It’s impossible to live life without developing wear and tear in our musculoskeletal system. And while rest is crucial in resolving microinjuries and remodelling our bones and soft tissue, rest alone isn’t always enough. Sometimes, like when there’s too much tension trapped in our soft tissue or one of our muscles isn’t firing properly, the body needs our help to heal and guide it as it remodels. This is where my favourite three tools come in—the 3 Rs: Relax, Rebalance, and Reactivate.




The physical movements and psychological stresses of everyday life create tension in our musculoskeletal system, often felt in our body as trigger points or, as you probably know them, knots. Tennis players are particularly prone to tension. Not only does all the training and playing stress the body, but high-level competitors also have to contend with travel, jet lag, and the pressure to win.

These musculoskeletal tensions can impede our range of motion, hamper recovery, and lead to future imbalances. So before you can restore the imbalance(s) in your body, you must first relax the affected muscle and surrounding fascia. To relax the tissue, you can use any number of techniques, such as foam rolling, massage therapy, mindful breathing, or acupuncture. While each of those modalities differ from one another in numerous ways, they all help relax the tissue by releasing the tension trapped within the musculoskeletal system. For high-level competitors, psychological relaxation modalities are equally important—in order to have a relaxed body, one must first have a relaxed mind.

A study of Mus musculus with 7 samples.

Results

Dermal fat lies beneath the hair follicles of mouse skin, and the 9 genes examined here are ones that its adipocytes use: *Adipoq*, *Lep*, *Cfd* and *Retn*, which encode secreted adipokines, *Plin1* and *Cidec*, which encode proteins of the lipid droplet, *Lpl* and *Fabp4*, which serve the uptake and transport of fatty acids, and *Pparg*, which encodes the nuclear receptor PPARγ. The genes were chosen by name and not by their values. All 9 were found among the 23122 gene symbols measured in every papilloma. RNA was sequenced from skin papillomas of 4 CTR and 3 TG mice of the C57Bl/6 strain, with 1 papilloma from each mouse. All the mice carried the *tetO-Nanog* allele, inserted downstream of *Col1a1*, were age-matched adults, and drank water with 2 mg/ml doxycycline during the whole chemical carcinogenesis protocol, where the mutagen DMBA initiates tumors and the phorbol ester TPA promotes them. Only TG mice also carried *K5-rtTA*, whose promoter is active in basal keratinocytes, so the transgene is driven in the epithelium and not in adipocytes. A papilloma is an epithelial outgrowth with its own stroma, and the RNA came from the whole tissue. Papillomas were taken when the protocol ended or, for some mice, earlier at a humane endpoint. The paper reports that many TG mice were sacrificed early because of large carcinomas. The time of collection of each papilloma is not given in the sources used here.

An imbalance is when either our muscles aren’t working properly or our fascia is too tight, and the joint can’t go through its normal course of motion. For instance, if you’ve hit tens of thousands of serves over the course of your career, it’s likely the connective tissue around your shoulder has grown overly tight, leading to an imbalance that prevents your shoulder from fully rotating, and making it very hard to serve. Imbalances like this are quite common in tennis, as it’s a sport that involves ballistic movements, sudden changes of direction, and hours of practicing highly repetitive motions (like serves, forehands, backhands, etc).

To keep your body balanced, it’s important to develop good habits on and off the court. Try starting with a post-training routine of foam rolling and simple stretches to target your overworked muscles and fascia. Even just ten minutes of this can offset the damage done by all that repetitive motion, and can help restore your musculoskeletal equilibrium.




Think of an inactive muscle as someone who’s fallen asleep or a machine that’s been powered off. It’s not dead or broken, but it needs to be woken up and turned on before it can get to work again. Have you ever sat so long that your glutes (read: butt) fell asleep? It may not have seemed like a big deal at the time, but when one muscle group falls asleep, all the surrounding muscles have to pull double duty. And while you might be able to still hit 500 forehands with one of your glutes asleep, your other muscles will be forced to compensate, making themselves vulnerable to overuse and injury.

So how do you wake up a muscle that’s fallen asleep and not firing properly? Well, in the case of your glutes, you can start by tapping them. And yes, that means smacking your butt. You can also activate them, or any muscles failing to fire properly, by consciously contracting and relaxing the muscle, over and over again. However, doing this a few times won’t cut it. To ensure the muscles stay awake and keep firing, you should repeat these exercises 1-2 times every hour for a total of 10-15 times a day.

For tennis players, I recommend incorporating reactivation exercises into your warm-up routine. This ensures all the proper muscles are firing before you play, helping prevent imbalances before they develop.



Take control of your recovery: Download Dr. Erin B’s free eBook “The Movement Cure” today!